Suffolk MP, Dr Dan Poulter, chairs evidence session for All Party Parliamentary Group on Coronavirus

Central Suffolk and North Ipswich MP, Dr Dan Poulter MP has today chaired an important evidence session of the All Party Parliamentary Group (APPG) on Coronavirus.

The seventh public spoken evidence hearing held this morning focused specifically on the impact of the Coronavirus pandemic on mental health.  Witnesses giving evidence included representatives from the charities Mind, the Centre for Mental Health, Beat, and the Mental Health Foundation, as well as academic practitioners and researchers including Professor of Behavioural Science and Health at University College London, Dr Daisy Fancourt and Professor Sir Graham Thornicroft, Professor of Community Psychiatry at the Centre for Global Mental Health at Kings College London.

The APPG evidence session on 9th September heard of the profound impact that the pandemic can have on the mental health of front-line workers.  ONS data shows that almost one in five adults (19.2%) were likely to be experiencing some form of depression during the coronavirus (COVID-19) pandemic in June 2020;  this had almost doubled from around 1 in 10 (9.7%) before the pandemic (July 2019 to March 2020).  Moreover, adults who were aged 16 to 39 years old, female, unable to afford an unexpected expense, or disabled were the most likely to experience some form of depression during the pandemic.

The APPG comprises a number of cross-party MPs and Dr Poulter is Vice Chair.  It has been established with the aim of ensuring that lessons are learned from the UK’s handling of the coronavirus outbreak, so that the UK’s response and preparedness may be improved in future.  The Group is calling for evidence to be submitted to inform its recommendations to Government and submissions of particular interest may be followed up with an invitation to submit oral evidence.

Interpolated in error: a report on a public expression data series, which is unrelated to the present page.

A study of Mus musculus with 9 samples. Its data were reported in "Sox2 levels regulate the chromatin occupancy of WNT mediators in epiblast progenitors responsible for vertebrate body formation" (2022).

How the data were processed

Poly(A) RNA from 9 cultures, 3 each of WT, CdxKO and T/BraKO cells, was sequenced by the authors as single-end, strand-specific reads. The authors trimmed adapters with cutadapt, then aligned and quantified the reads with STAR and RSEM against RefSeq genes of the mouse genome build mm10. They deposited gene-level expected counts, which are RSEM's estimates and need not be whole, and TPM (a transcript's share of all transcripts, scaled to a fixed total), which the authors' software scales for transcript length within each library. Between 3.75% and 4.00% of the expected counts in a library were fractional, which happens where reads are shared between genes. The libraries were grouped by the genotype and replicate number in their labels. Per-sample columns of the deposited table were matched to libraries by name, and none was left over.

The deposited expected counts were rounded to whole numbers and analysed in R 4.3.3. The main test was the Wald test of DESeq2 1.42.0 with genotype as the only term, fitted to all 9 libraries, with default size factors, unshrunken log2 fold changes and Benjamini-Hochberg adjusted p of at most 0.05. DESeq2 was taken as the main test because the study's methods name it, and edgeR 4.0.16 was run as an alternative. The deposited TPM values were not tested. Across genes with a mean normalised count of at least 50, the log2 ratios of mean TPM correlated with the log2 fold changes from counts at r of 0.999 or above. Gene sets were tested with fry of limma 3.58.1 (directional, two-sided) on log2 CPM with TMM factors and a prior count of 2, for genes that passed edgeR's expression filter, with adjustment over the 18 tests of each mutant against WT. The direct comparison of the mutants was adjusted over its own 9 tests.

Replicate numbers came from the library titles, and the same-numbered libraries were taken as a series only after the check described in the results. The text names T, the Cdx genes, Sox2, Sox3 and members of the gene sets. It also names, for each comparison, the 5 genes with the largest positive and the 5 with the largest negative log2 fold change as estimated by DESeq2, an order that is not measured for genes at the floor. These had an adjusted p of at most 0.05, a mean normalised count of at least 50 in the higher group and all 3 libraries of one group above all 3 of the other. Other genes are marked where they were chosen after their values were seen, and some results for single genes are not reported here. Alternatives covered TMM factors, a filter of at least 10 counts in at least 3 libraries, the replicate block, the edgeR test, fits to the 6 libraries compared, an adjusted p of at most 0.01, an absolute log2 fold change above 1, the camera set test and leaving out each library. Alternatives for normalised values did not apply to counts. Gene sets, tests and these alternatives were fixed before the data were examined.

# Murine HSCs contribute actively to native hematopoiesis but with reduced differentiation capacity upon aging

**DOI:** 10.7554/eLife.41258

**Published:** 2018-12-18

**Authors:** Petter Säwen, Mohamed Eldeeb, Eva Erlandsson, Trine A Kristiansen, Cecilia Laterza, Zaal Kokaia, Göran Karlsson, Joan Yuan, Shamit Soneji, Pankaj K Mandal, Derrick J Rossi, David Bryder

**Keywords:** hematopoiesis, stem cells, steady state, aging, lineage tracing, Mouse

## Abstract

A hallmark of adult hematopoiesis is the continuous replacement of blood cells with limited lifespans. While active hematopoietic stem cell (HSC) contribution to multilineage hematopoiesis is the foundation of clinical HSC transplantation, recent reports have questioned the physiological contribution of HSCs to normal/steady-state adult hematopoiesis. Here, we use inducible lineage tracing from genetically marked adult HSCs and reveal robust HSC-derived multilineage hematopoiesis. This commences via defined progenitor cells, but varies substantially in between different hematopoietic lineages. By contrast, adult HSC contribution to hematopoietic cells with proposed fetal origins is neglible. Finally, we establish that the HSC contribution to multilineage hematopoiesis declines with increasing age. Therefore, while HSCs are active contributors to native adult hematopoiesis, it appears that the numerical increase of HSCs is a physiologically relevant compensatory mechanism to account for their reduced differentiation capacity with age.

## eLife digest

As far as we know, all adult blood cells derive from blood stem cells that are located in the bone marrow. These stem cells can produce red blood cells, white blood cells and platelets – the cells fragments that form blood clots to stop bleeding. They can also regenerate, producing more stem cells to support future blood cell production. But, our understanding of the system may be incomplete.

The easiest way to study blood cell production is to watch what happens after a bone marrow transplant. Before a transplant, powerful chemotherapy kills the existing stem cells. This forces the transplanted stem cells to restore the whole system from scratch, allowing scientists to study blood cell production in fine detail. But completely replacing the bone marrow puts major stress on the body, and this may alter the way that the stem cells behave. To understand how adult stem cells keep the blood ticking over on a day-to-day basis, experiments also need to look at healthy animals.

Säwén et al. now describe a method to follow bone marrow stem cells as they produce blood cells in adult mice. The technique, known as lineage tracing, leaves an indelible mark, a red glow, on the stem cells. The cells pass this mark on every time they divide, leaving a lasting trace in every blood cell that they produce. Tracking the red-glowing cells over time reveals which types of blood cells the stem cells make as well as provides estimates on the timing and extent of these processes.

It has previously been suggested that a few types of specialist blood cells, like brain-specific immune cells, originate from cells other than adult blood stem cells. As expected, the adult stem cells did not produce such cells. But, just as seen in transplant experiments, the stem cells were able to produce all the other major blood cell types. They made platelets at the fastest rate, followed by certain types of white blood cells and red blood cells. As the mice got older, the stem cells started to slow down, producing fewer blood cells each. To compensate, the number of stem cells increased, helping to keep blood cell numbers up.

Commenting, Dr Dan Poulter MP, said: ““During this morning’s evidence session, it is right that we focus on the hidden mental health impact of the Coronavirus pandemic and the escalating misuse of alcohol.  A number of patients with long term mental health problems have faced difficulties in accessing some aspects of their routine mental healthcare and it is essential that those patients are properly supported.

As we can see from the latest statistics, some one in five adults reportedly experienced some form of depression in June 2020, directly attributed to the coronavirus pandemic.  Compared to the period immediately before the pandemic, this equates to a 100% increase, so it is vital that mental health support is readily available to those in need.”

To find out more or to submit evidence, please visit the website here and the evidence session can be view here.